The FNH-USA 3 Gun Championship was held at the Peacemaker National Training Center in Glengary WV last week, September 3-5. About a week out, I was prepping my usual Heavy Metal Iron Sight gear for the match when I received an email from match staff advising me that they would not be recognizing my division this year. What an opportunity to try out my new Burris XTR II 1.5 x 8 scope that I received just a couple of weeks earlier. Welcome to Heavy Metal Optics Division.
The division change meant that I could put away my pump shotgun and use my VersaMax semi-auto but it would be limited to a 9 round capacity. I’d still be using my 10 round .45 Caspian wide body. The big change would be taking the iron sights off my DPMS G2 .308 rifle and sighting in with my Burris XTR II. This would be the first time shooting my .308 with a scope so I would need to to a lot of homework to work out my holds with my ammo. It wasn’t long before everything was running smoothly and the match was upon me.
The 3 day match seemed to speed by with 10 stages clicking by quickly. While shooting the stages, I didn’t feel as though I was burning anything down, I was just keeping up with the OPEN and Tac Optics shooters on my squad. I struck a plastic barrel on a small stage on day 1 with a pistol round giving me a penalty but other than that, things just went smoothly. The next thing I know it’s the morning of Day 3 and people in the Heavy Metal Optics Division are coming to watch me shoot my last stages. After my final shots were fired, those HM spectators stepped up and told me I had just won my first Heavy Metal Optics Championship.
Match Report from Sierra Bullets Media Relations Manager Carroll Pilant
Well, the 2015 FNH is in the dust (literally). This exciting match is put on by FNH under match director and long time 3 gunner, Larry Houck. Larry really knows how to put on an excellent match. He has enough range officers on each stage so you don’t have to set or paste targets. All you have to do is concentrate on shooting. A few of the stages were set up in bays, but many were in natural terrain. Shots ranged from fairly close paper to some 400 yard rifle shots.
One stage, you shot rifle from a small shooting area in front of a boat, moved downhill and grabbed your shotgun and as soon as you touched your shotgun, the first clay pigeon was launched with 5 more on report, then you had a bunch of steel to engage. Another neat thing about this match was you had an option on which firearm you could use. Most steel targets could be shot with handgun or shotgun with shot. Slug targets could be shot with one slug or 2 pistol. Paper targets could be engaged with pistol or rifle.
It made a very interesting match because everyone had a different idea on how they wanted to shoot it. Some shooters such as Monte Long often chose to shoot handgun in place of his shotgun. It made it where if you felt more comfortable with one firearm than another for reasons like being faster to load, they had a choice.
This is some very beautiful country with leaves just starting to show a hint of changing colors. Another 3 weeks and the whole country side there would have been really colorful. Dust was a major problem though. It was very dry down there and with that many vehicles on the road, the dust turned more like talcum powder. You would get a $20 speeding ticket (cash only and no change given back, so if all you had was a $50 or $100, the fine went up) for driving over 10 mph. The thing about it though, it was so dusty you couldn’t see to drive more than about 8 mph. All speeding fines plus fines for shooting targets with the wrong ammo (for instance birdshot plates with slugs) went to the Junior Camp where many of the top shooters in the country teach the kids the correct way to safely handle firearms and how the best way to shoot different stage scenarios. There are a lot of excellent junior shooters coming out of these camps. There was several hundred dollars raised for the Junior Camp especially from target fines. There was one RO that will probably try to claim about 3 kids on his taxes this year. I guess he was pretty persistent in shooting shot targets with slugs.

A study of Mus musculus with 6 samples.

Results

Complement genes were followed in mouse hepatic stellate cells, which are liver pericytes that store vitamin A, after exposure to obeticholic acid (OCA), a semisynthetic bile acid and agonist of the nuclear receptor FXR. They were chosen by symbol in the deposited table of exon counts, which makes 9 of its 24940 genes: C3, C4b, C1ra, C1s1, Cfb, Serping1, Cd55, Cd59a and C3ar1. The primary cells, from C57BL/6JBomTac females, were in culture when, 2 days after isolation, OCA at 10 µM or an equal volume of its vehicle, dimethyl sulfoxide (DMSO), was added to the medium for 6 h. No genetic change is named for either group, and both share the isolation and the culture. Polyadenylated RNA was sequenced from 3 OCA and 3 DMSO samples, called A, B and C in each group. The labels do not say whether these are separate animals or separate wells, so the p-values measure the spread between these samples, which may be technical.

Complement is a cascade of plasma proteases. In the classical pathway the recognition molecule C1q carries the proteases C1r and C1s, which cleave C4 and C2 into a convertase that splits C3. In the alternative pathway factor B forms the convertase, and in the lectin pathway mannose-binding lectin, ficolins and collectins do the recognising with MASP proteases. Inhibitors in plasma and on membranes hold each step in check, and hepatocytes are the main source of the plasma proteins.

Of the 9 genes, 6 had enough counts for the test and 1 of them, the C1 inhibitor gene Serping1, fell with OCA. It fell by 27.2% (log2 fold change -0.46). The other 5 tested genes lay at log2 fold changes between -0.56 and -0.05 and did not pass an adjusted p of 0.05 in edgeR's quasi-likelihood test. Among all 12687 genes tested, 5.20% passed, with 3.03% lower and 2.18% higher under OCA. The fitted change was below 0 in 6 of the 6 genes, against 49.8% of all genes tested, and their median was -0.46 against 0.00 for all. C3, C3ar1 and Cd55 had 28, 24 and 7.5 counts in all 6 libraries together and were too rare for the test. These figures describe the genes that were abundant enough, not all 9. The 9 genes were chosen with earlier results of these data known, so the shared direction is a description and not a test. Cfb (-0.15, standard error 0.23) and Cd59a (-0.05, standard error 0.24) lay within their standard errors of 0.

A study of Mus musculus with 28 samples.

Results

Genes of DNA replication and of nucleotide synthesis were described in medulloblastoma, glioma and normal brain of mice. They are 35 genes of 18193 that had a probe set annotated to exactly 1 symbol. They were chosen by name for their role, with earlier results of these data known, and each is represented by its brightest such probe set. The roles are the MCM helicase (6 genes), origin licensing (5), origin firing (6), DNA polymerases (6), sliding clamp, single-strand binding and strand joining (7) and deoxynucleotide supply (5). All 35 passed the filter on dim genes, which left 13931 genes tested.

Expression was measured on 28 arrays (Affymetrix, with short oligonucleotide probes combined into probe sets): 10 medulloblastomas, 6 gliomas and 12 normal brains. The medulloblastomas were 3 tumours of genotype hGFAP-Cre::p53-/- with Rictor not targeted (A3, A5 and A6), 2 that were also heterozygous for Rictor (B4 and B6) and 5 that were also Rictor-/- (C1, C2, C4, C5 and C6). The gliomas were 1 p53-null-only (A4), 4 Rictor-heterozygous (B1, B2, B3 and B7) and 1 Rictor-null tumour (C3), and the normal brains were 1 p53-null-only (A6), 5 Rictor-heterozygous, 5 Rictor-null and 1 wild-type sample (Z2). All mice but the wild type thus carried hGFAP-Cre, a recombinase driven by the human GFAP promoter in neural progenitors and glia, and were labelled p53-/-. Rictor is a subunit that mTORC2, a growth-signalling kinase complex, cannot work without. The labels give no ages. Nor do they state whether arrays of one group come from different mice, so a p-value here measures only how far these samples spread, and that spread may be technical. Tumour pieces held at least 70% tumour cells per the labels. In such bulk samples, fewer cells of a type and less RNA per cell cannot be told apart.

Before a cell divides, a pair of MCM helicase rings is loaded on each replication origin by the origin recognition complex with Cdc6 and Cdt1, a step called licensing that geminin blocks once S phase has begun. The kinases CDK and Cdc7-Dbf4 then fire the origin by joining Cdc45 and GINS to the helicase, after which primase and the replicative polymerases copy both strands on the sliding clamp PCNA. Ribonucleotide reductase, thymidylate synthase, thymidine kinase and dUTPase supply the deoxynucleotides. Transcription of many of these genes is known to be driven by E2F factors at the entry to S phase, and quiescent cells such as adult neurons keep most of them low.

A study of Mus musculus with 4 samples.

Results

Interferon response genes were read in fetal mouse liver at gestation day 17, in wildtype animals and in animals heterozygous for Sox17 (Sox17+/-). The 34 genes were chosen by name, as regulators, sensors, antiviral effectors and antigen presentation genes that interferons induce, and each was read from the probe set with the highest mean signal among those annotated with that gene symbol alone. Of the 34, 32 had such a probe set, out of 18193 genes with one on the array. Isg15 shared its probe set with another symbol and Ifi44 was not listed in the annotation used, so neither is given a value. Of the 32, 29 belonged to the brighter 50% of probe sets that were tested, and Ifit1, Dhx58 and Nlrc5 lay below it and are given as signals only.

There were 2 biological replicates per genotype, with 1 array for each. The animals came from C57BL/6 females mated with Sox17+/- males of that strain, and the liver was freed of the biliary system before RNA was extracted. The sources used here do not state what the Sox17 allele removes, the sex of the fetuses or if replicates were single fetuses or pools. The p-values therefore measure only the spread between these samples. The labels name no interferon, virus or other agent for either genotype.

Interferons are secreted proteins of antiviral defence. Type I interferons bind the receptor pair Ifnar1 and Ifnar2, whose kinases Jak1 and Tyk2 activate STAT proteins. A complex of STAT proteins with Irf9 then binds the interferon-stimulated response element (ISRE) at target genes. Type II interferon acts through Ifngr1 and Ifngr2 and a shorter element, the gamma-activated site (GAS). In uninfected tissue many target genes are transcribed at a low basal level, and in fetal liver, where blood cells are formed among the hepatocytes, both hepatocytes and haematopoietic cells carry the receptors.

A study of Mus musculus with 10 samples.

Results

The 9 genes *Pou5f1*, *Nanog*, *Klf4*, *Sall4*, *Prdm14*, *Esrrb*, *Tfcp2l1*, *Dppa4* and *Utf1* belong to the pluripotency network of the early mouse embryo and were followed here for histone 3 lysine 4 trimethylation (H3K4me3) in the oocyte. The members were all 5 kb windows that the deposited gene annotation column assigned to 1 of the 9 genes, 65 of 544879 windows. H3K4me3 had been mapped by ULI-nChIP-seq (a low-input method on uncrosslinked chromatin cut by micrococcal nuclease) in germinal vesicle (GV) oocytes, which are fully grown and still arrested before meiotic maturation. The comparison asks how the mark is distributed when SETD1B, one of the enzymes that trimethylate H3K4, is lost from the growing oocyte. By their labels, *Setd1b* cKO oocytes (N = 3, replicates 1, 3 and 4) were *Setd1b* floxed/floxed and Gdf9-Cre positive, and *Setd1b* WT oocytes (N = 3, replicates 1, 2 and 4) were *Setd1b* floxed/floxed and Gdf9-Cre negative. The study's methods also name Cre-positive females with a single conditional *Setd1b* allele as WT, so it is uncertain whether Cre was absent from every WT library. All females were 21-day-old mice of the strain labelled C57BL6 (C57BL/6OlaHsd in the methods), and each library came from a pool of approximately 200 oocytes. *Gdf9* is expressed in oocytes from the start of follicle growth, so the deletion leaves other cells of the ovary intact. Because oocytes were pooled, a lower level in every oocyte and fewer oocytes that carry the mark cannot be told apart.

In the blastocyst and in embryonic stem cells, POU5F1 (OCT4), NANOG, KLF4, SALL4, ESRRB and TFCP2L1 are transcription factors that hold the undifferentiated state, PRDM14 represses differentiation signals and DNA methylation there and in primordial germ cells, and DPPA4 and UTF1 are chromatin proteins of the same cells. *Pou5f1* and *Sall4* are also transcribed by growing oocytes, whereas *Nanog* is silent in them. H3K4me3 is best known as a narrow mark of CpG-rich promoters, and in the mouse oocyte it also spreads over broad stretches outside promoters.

Larry not only knows how to put on a good match but he knows how to feed you as well. His mom’s church group does the lunch at the range with a wide variety of delicious food. He should get them to cater the banquet, because the range food was excellent.
I was on a great squad with some excellent shooters and a couple of my long time friends from Texas, Monte Long from XS Sights and James Darst. 260 shooters shot Tactical Optics Class with Daniel Horner (US Army) taking first and Greg Jordan (Armalite) taking second. In the Open Class, they had 41 shooters with Joel Turner taking first, Nick Kalishek taking second and my good friend Tony Holmes taking 4th. 15 shooters were in Tactical Limited Class with Joel Turner and Rick Birdsall taking first and second. Only 12 shooters tackled the Heavy Metal Optics Class with Bruce Piatt and Dean Deturk taking first and second. That brought it to a total of 328 competitors.
FNH had 3 side matches that you could shoot to try out their firearms (I love their O/U shotgun) and each side match you shot, they gave you a ticket. All those tickets were turned in at the banquet and the winner won a new FNS-40 pistol. I was really surprised when I happened to be that lucky person and I would like to thank FNH for that fine pistol. I have already shot it and it shoots great.
Larry did an outstanding job on the prize table also. There was nearly $200,000 worth of merchandise on the prize table. If you are looking for a great 3 gun match to shoot, this is definitely one you will like. Well, I am off to the Generation III 3 Gun match, so see you on the range.